New Species of Stegosaurus Which Lived 168 Million Years Ago Discovered in Moroccan Mountains
The 'Adratiklit boulahfa', meaning the 'mountain lizard' in Berber language, has been immortalised in countless films.
Image credit: AFP
A team of scientists have found a brand new species of the iconic Stegosaurus. One of the most well-known dinosaurs to have ever walked the Earth thanks to the bony plates protruding out of their spines and tails.
Notably, they have been immortalised in numerous movie adaptations including the iconic Jurassic Park franchisee.
According to a story published in Daily Mail, a team from the Natural History Museum found the animal in the Moroccan mountains and dubbed it "Adratiklit boulahfa", meaning the 'mountain lizard' in Berber language.
According to the scientists, it is most likely that the Adratiklit boulahfa walked the Earth 168 million years ago, much earlier than other known Stegosauruses and only a handful of fossilised bones remain.
Despite the specimen including only a few vertebrae and an upper arm bone, scientists concluded that it was a new species and genus which dates to the middle Jurassic period.
Speaking about the discovery, lead scientist Dr Susannah Maidment, named it Adratiklit boulahfa as a reference to the locality in the Middle Atlas Mountains of Morocco where the specimen was found.
She further added that most known stegosaur date further down in the Jurassic period making this discovery the oldest definitive stegosaur find. She added that it will help increase understanding of the evolution of the stegosaur.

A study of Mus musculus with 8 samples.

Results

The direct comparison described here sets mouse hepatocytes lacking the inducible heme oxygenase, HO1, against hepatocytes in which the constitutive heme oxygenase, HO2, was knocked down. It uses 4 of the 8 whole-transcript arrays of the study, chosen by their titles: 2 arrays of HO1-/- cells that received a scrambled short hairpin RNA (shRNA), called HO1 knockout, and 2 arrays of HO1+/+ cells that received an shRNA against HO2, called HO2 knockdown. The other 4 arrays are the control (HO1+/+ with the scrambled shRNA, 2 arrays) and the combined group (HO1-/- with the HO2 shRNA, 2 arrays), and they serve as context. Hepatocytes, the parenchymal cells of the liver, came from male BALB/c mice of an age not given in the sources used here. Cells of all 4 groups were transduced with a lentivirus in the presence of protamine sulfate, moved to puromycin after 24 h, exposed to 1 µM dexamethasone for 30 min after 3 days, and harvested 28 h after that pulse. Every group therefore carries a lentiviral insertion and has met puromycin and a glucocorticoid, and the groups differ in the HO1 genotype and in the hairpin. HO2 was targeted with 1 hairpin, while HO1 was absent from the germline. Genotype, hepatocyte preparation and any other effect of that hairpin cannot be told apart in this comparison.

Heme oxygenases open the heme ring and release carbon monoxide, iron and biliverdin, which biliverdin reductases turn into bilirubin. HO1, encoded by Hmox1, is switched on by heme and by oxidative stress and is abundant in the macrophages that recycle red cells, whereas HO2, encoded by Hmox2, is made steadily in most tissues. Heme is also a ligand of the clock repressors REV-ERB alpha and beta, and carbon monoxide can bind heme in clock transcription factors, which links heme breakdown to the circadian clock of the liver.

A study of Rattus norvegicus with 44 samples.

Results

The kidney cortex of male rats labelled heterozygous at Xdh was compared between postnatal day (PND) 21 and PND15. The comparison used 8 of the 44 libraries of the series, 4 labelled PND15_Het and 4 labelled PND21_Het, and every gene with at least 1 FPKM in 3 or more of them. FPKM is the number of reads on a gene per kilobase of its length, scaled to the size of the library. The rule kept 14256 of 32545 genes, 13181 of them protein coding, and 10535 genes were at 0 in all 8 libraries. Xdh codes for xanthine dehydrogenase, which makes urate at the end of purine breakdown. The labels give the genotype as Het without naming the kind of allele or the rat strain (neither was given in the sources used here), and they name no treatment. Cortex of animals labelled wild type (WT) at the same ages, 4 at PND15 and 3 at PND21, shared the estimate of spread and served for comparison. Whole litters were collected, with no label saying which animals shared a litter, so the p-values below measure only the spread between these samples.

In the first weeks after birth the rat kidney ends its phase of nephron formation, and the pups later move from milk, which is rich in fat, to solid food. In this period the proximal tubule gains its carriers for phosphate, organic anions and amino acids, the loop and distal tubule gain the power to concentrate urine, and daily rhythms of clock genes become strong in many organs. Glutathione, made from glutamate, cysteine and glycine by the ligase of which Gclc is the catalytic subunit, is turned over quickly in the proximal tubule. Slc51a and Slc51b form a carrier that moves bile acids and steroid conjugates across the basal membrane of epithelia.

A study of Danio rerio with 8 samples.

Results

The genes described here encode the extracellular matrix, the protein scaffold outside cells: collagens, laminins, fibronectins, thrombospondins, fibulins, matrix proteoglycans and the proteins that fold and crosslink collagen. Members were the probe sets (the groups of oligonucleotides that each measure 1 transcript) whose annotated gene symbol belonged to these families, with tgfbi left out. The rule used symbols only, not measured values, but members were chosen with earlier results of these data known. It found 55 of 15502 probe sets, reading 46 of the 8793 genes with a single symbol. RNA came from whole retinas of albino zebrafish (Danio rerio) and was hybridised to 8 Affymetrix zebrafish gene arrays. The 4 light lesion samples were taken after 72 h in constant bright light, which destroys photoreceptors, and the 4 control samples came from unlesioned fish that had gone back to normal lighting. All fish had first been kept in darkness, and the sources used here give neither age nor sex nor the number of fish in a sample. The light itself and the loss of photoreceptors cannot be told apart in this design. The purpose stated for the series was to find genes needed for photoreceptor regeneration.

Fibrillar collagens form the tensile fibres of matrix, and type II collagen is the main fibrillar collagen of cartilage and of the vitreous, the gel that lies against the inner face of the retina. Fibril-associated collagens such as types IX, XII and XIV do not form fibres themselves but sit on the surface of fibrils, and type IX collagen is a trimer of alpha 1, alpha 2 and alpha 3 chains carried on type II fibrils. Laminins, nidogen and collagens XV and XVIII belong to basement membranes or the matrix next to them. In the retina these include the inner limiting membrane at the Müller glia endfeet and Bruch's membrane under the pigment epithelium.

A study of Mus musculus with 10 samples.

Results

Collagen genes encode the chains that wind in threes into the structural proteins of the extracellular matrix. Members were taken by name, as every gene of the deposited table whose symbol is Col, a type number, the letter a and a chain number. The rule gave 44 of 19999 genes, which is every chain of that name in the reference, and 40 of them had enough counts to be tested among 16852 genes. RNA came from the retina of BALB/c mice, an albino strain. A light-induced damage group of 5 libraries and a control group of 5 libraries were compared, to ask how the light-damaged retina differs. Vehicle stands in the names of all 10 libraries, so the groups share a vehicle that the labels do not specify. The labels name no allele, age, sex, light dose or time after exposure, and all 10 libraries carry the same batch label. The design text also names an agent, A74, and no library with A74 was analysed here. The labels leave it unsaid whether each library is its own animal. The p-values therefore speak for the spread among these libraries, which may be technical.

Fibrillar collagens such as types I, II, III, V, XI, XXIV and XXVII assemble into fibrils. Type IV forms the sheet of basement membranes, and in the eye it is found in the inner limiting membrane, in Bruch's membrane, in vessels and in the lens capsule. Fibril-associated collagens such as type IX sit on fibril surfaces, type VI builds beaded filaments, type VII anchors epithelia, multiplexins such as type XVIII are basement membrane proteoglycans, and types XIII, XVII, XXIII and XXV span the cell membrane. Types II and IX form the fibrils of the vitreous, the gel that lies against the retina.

Notably, the specimen is the first stegosaur, a thyreophoran dinosaur, to be found in North Africa. Thus, even though according to scientists when the earth was divided into two supercontinents, thyreophorans were more common and diverse in Laurasia, rather than Gondwana, the new find could change such perceptions.
According to Dr Maidment, while most stegosaurs were found in Laurasian rock formations, it does not mean that they were not common in Gondwana. It could just be that Gondwana rock formations have been subject to far fewer excavations and detailed studies.
The team concluded that discovery adds to the theory the Gondwanan fossil record of armoured dinosaurs is significantly biased by geological factors and collection efforts and that there could be far more thyreophoran dinosaurs to find in places that until now have not been excavated.